I am not a jealous person.  Or am I?

When I was a little girl, a group of us went to the fields with our kites, as a part of science class where we learned about the lift of air.  The kites were bright things of construction paper and balsa wood, and although we had followed the same instructions, they were reflections of personal investment – square, pointed, simple or fancy.

Of course, my kite had trouble flying, long after everyone else’s was up in the air, and by then, no one could help me with my own kite — they were too busy flying.  The frustration of not having succeeded at something that seemed so straightforward, as well as not being able to control the damn kite, made me blind with tears and anger until I saw my best friend’s kite hit the ground.

“Will you help me?” she asked.  “I don’t know why it won’t go back up again.”

“Sure,” I said, still disappointed that I hadn’t even flown a first time.  But while she unwound the string from its tangle, I poked a little hole in the kite’s paper.

I look back with shame and fascination at that un-self-conscious moment when the green-eyed monster of jealousy — the jealousy of her success — reared its head and poked its ugly finger into my best friend’s kite.  That hole grounded her kite, and she, not knowing what I had done, generously helped me get my kite to fly.  I felt terrible afterwards, and though I made up for it by being extra nice, I never told her and I never should have done it.

I don’t believe I consciously act to take away other’s happiness now, but I am aware of when I am enthralled by the green-eyed monster.  It is easy to be magnanimous and generous when you are the winner, when you get your expected outcome.  But in the land of the green-eyed monster, happiness is like grains of sand on a scale; what you pour out on one side, you take away from another.  Moments have come and gone in my life where I have been successful, and others have been successful, but if it is in the context of whether I have achieved my own goals, the green-eyed monster is always lurking.  I try to stop myself, because I realize:  we all have our own kites to fly, and we can help each other get them up in the air.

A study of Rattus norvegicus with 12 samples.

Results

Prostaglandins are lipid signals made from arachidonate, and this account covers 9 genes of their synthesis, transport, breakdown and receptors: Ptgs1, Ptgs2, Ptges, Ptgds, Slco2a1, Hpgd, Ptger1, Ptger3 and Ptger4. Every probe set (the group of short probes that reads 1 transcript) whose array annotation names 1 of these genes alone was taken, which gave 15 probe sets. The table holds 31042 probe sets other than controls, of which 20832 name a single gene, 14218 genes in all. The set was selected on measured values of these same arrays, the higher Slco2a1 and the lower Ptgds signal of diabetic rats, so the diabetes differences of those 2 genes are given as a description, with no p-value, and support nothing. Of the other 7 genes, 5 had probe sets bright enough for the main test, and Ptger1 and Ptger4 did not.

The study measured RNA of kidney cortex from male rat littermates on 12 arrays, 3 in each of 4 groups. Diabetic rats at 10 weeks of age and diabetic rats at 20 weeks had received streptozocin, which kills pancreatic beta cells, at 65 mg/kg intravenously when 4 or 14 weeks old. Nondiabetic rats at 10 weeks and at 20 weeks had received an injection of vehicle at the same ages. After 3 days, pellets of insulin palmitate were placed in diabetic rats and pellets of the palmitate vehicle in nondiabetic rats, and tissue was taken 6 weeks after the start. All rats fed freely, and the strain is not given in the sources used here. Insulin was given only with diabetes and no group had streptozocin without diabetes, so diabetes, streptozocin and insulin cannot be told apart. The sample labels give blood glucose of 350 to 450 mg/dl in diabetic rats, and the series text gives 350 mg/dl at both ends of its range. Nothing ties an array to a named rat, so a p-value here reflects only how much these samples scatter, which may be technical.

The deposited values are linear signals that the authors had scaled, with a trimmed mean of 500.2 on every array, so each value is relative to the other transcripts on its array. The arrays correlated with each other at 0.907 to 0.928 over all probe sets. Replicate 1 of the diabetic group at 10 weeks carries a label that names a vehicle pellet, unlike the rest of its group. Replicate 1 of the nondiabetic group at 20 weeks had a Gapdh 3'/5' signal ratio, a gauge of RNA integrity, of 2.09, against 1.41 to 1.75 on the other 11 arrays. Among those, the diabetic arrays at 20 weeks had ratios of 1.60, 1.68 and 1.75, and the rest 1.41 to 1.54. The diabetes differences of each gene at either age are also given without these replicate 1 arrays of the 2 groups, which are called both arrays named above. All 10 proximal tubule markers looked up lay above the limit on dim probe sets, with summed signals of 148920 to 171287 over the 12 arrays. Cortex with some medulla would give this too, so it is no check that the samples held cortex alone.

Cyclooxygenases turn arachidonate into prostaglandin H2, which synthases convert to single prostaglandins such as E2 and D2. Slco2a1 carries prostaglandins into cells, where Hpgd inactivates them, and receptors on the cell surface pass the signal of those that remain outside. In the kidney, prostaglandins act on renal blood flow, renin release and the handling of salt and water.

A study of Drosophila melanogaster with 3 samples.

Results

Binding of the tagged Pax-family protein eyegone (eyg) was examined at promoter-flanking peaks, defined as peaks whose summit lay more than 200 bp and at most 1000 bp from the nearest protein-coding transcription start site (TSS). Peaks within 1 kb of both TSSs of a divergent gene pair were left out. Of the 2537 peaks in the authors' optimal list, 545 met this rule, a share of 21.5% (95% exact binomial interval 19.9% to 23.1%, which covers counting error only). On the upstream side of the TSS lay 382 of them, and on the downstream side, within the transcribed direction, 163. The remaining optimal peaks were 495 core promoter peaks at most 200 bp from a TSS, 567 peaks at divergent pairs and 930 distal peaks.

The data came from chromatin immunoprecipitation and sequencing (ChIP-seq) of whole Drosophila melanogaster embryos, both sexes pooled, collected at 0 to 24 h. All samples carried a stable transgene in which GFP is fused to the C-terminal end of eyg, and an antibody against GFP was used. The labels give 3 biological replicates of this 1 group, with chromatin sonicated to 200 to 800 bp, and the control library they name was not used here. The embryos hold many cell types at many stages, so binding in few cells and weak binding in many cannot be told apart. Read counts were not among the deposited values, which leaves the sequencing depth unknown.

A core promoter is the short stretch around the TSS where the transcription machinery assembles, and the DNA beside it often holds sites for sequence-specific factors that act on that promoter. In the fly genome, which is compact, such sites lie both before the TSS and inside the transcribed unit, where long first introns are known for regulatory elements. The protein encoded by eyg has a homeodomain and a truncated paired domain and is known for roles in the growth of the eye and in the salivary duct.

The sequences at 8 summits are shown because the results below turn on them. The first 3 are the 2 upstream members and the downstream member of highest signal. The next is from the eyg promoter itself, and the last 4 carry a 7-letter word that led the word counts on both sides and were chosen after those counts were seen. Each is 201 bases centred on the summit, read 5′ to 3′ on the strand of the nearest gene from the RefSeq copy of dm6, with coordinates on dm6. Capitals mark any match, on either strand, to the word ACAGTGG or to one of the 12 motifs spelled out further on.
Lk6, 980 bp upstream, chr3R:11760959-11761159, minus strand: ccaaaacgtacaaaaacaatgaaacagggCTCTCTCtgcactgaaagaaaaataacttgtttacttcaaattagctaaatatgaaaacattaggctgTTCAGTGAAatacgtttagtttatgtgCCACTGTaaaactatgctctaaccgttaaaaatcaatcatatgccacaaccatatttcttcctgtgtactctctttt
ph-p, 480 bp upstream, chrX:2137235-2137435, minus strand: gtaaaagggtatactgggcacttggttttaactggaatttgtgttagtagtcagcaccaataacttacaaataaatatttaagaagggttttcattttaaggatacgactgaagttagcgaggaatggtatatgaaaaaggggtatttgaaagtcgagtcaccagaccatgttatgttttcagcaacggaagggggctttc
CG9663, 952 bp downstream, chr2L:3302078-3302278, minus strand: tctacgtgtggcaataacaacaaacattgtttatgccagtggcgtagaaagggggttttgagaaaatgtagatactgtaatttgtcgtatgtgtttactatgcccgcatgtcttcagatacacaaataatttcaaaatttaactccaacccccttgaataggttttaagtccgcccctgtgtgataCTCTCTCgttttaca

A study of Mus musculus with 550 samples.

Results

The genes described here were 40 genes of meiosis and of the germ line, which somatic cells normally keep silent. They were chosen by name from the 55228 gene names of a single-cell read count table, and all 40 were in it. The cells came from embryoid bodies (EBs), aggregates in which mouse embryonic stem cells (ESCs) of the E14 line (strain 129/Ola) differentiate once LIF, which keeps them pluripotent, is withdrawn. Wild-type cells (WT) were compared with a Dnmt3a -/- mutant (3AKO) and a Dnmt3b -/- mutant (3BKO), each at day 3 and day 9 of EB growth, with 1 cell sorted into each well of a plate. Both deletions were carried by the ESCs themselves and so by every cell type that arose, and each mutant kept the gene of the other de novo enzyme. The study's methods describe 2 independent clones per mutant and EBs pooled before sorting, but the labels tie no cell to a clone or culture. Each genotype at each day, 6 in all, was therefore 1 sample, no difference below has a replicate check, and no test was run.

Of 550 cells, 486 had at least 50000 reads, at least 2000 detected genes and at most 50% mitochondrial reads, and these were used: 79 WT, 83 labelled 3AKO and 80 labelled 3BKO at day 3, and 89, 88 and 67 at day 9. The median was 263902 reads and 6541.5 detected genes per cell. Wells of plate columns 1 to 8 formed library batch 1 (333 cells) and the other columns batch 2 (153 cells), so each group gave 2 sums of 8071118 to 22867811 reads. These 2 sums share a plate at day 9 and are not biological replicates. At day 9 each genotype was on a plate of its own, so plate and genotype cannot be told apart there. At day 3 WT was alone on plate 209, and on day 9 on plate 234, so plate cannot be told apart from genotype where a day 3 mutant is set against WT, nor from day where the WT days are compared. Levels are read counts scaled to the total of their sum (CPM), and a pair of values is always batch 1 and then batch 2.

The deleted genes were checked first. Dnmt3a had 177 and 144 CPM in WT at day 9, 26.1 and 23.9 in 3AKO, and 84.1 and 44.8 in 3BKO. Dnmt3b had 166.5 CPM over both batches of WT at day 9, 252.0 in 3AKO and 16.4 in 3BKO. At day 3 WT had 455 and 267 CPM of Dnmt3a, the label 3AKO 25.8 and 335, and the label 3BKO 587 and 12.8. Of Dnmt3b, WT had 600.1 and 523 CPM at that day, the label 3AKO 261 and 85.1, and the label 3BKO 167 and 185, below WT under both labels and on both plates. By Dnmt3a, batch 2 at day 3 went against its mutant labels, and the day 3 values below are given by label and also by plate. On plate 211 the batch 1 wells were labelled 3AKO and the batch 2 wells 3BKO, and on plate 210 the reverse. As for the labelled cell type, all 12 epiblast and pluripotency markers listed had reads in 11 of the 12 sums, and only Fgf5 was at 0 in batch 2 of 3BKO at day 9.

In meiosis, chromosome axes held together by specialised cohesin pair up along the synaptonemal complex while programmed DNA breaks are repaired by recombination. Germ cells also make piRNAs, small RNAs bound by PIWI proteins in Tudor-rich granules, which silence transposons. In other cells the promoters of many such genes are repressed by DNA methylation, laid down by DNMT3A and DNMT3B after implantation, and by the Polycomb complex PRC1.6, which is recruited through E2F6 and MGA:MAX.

But still.

This past year, I had set expectations for myself that I would do even more at work AND I would finish my children’s book; extra credit would be if I was on path to publication.  And I was going to increase my volunteer efforts, because what better way to help others fly their own kites.  It didn’t occur to me to weigh all the factors that would go into achieving those goals, or to weigh in the impact of anything else going on in life.  It was simply an exercise of organization and sheer will.  By the end of the year, it was apparent that things were going differently than planned in life AND my book was not done.  I had failed my measures.  The “almost” of that assessment, and of any other small and medium blessings, were lost to me in comparison to the deliberate sacrifices in sleep, time, and health I had made to “get to the goal”.   I could feel the physical burden of wearing that failure all over me.

“Would you like to come out with me and my friends?” my husband asked one night.  He was succeeding in his own journey:  he was training for a marathon and had regained control of his health; he had remade his work identity by creating his own business; and he had gained new friends in the process — friends that had time to spend with my husband, my girls, where I had not.

He looked great.  I looked haggard.  He was glowing.  I was bitter and tired.  I could feel the grains of sand shifting inside me, draining outside of me to fill his happiness until I was left with that seething emptiness again.

I told him I was going to sleep, and that I didn’t need new friends.

Sometimes time and reflection are the only salves.  As days passed and my eyes cleared, I started to take in again the human complex landscape that was New York:  the well-dressed man rifling through garbage for the want ads; the hipster and the homeless woman chatting over coffee; kids walking to school; delivery men joking from their trucks; shiny things; ugly things.  Life goes on.

I took a deep breath and I finished my book, because in fact that self-imposed deadline was negotiable.  I took a deep breath and I thanked God for my job and set about setting priorities that would allow me to come home for dinner and go on field trips with my girls.

In the land of the green-eyed monster, you can be blind and you can forget your power.  Or you can admit that the monster exists and not let him pounce when you lose your balance for the moment.